Lebanon’s Food Safety Scandal Won't Go Away
The richly varied cuisine of Lebanon offers a seemingly endless parade of delights. Unfortunately, in cities from Beirut to Tripoli, such dishes often come with a totally unwanted side of gut-roiling food poisoning.
Photo via Flickr user sedap
The richly varied cuisine of Lebanon offers a seemingly endless parade of delights, from cold, refreshing salads such as baba ghanoush and tabbouleh to crisp, freshly fried falafel doused in nutty tahini to oozy, honeyed baklava. Unfortunately, in cities from Beirut to Tripoli, such dishes often come with a totally unwanted side of gut-roiling food poisoning.
Last November, Lebanon was rocked by a national food safety scandal after the country's Ministry of Public Health responded to a years-long increase in the incidences of foodborne illnesses by beginning a campaign of surprise inspections of restaurants, slaughterhouses, supermarkets, and farms. The results were worse than the agency expected, and it decided that a public shaming might be just the ticket to getting Lebanon's food businesses to shape up or get out of the game. That month, Minister of Public Health Wael Abou Faour held a press conference to announce the names of more than 1,000 establishments whose food samples had tested positive for a host of unappetizing additions ranging from salmonella to straight-up traces of feces and raw sewage. The list included some of Lebanon's most popular chains, such as luxury supermarkets Spinneys and TSC Mega, all the way down to its street carts and casual cafes.
"I hope we are laying the groundwork for the permanent procedures of food safety in this country," Faour said at the time.
But contaminated and expired food continues to be served in Lebanese eateries at a rate that is uncomfortable—and potentially deadly—for diners there. Last month, a labneh maker in the north of the country was shut down for failing to pass safety inspections, and on Saturday, more than 15 students at the Abi Samra Technical School in Tripoli were hospitalized after eating cheese-filled kaak, or stuffed bread. The ministry of health tested samples of the cheese filling and found that it contained the bacteria staphylococcus aureus at levels 16 times higher than the maximum allowable amount, as well as traces of E. coli, which is found in fecal matter and typically makes its way into foods when the cook doesn't wash his hands. According to Lebanon's Daily Star, all 15 students were hospitalized, two with critical illnesses. The cafeteria, as well as the bakery that provided the kaak, have since been shuttered by the government.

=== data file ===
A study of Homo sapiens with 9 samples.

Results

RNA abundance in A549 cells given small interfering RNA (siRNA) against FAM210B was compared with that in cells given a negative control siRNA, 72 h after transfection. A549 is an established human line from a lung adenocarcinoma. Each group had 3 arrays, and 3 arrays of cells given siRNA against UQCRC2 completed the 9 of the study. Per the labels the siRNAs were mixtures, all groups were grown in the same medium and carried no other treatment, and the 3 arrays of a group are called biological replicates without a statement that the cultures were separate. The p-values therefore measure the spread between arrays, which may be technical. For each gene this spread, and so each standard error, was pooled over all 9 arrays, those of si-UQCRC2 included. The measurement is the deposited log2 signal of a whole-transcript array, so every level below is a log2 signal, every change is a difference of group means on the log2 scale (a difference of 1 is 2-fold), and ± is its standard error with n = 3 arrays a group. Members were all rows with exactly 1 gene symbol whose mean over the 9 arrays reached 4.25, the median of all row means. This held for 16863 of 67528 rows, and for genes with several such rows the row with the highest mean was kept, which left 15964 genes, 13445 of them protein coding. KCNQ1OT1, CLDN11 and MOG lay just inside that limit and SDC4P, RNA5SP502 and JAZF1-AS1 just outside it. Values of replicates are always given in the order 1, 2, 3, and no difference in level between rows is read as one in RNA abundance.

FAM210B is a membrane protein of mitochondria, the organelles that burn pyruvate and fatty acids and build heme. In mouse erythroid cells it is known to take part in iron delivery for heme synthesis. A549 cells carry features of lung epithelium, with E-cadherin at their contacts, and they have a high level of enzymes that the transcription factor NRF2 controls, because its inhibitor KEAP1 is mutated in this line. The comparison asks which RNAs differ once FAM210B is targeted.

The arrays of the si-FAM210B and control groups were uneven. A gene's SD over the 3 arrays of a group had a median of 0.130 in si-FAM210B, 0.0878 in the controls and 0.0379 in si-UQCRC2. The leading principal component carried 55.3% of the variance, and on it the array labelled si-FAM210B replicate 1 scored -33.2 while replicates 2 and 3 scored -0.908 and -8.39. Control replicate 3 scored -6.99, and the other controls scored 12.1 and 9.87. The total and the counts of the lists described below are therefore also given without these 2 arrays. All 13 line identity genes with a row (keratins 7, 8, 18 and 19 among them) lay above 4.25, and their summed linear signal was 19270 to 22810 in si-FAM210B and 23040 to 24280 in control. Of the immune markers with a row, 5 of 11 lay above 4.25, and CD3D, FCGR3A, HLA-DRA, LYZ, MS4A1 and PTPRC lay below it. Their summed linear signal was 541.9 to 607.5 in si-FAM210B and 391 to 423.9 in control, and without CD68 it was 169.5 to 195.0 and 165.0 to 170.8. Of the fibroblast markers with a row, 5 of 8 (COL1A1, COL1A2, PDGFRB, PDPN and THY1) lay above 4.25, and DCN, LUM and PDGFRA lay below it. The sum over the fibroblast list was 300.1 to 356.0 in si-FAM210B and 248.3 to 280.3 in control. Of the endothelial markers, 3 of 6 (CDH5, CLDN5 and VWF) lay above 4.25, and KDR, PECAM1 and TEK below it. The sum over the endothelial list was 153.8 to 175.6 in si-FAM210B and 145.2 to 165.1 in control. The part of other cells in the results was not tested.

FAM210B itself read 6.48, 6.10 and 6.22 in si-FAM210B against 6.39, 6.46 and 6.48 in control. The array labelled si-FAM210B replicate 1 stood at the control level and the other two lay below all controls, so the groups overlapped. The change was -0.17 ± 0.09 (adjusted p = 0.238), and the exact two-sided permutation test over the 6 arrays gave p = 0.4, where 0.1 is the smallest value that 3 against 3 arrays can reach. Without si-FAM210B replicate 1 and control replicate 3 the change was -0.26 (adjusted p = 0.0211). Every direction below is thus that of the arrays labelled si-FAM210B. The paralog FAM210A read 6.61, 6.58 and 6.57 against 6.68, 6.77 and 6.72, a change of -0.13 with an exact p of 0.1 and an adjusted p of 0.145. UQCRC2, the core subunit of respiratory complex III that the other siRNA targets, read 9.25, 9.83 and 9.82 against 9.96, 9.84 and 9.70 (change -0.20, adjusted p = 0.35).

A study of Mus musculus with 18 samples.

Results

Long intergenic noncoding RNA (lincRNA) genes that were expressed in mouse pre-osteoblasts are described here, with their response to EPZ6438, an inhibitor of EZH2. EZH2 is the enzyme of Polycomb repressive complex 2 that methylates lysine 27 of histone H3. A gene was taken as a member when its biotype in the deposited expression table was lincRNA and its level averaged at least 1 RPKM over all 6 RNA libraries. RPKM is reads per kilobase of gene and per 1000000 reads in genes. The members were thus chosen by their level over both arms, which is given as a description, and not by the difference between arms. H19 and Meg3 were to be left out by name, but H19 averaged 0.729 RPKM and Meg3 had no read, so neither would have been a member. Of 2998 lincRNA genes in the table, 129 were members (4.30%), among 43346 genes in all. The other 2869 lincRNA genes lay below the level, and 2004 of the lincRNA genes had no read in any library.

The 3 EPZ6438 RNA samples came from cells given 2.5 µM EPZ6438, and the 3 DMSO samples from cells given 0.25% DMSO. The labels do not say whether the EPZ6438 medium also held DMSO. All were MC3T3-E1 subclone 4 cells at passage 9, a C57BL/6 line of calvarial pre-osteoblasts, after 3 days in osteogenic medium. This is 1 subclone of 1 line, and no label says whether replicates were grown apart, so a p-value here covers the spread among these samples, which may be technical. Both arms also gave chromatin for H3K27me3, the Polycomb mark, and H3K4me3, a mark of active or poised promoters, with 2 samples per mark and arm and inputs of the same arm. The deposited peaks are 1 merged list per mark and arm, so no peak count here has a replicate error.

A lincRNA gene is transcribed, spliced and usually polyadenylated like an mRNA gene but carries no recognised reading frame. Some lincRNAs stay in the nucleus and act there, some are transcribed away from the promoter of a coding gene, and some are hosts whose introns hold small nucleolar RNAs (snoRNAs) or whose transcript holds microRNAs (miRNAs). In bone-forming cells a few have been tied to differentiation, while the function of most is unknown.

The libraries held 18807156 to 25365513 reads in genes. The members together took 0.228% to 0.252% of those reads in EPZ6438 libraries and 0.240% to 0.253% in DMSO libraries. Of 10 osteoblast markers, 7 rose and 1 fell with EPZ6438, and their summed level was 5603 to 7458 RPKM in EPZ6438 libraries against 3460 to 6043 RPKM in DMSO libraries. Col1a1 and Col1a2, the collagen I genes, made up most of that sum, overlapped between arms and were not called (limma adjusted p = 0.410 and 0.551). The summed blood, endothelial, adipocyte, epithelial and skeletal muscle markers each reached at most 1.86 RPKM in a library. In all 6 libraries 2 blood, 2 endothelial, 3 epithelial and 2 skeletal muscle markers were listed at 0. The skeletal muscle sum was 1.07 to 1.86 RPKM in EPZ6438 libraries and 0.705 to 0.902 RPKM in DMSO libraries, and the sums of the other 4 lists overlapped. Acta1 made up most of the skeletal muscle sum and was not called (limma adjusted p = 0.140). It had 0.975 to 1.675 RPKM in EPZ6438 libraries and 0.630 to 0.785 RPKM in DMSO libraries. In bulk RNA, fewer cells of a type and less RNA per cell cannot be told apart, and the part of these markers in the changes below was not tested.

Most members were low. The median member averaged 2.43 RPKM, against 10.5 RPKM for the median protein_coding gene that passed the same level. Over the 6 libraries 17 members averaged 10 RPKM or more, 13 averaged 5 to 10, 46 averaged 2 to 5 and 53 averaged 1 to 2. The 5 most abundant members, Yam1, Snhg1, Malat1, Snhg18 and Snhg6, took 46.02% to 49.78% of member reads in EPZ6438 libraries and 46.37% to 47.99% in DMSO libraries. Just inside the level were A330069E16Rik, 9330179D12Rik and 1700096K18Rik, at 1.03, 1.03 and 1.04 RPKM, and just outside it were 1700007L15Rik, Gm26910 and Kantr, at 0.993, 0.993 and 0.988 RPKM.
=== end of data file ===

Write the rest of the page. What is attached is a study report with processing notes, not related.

Ambiguity appears to be the cause of Lebanon's food safety woes. According to an article in the Middle East Eye, "there is no one defining food safety law in Lebanon, and when it comes to what is required, legally, of restaurants and supermarkets, it all gets a bit foggy."
Faced with a lack of clear rules or governmental oversight, restaurant owners say, for years they've been self-regulating their food safety practices. Restaurants equipped with the right facilities and knowledge can effectively maintain the hygiene of the food they serve, but others aren't so lucky, according to Walid Hayek, the head of the Syndicate of Owners of Restaurants, Cafes, Nightclubs, and Pastries in Lebanon. (Editor's note: what a title!)
"There are three kinds of restaurants in this sector," Hayek told the Middle East Eye. "Those who internally adopted food safety standards a long time ago, those with good intentions but that don't have the know-how, then those who are just bad."
In spite of the Ministry of Health's public shaming of eateries last year, policy changes on food safety in Lebanon have yet to go into effect. After a delay, a draft of a new food safety law was accepted in January by the country's parliament, but officials have yet to announce when the law might take affect. Additionally, some restaurant owners have complained that the new hygiene effort, which is being handled jointly by the Ministry of Public Health and the Ministries of Economy and Agriculture, is simply too confusing.
"It's good what they're doing but it would have been logical to have one part of the government dealing with us, not three or four agencies," Mahmud—a third-generation restaurateur who refused to give his real name—told the Middle East Eye.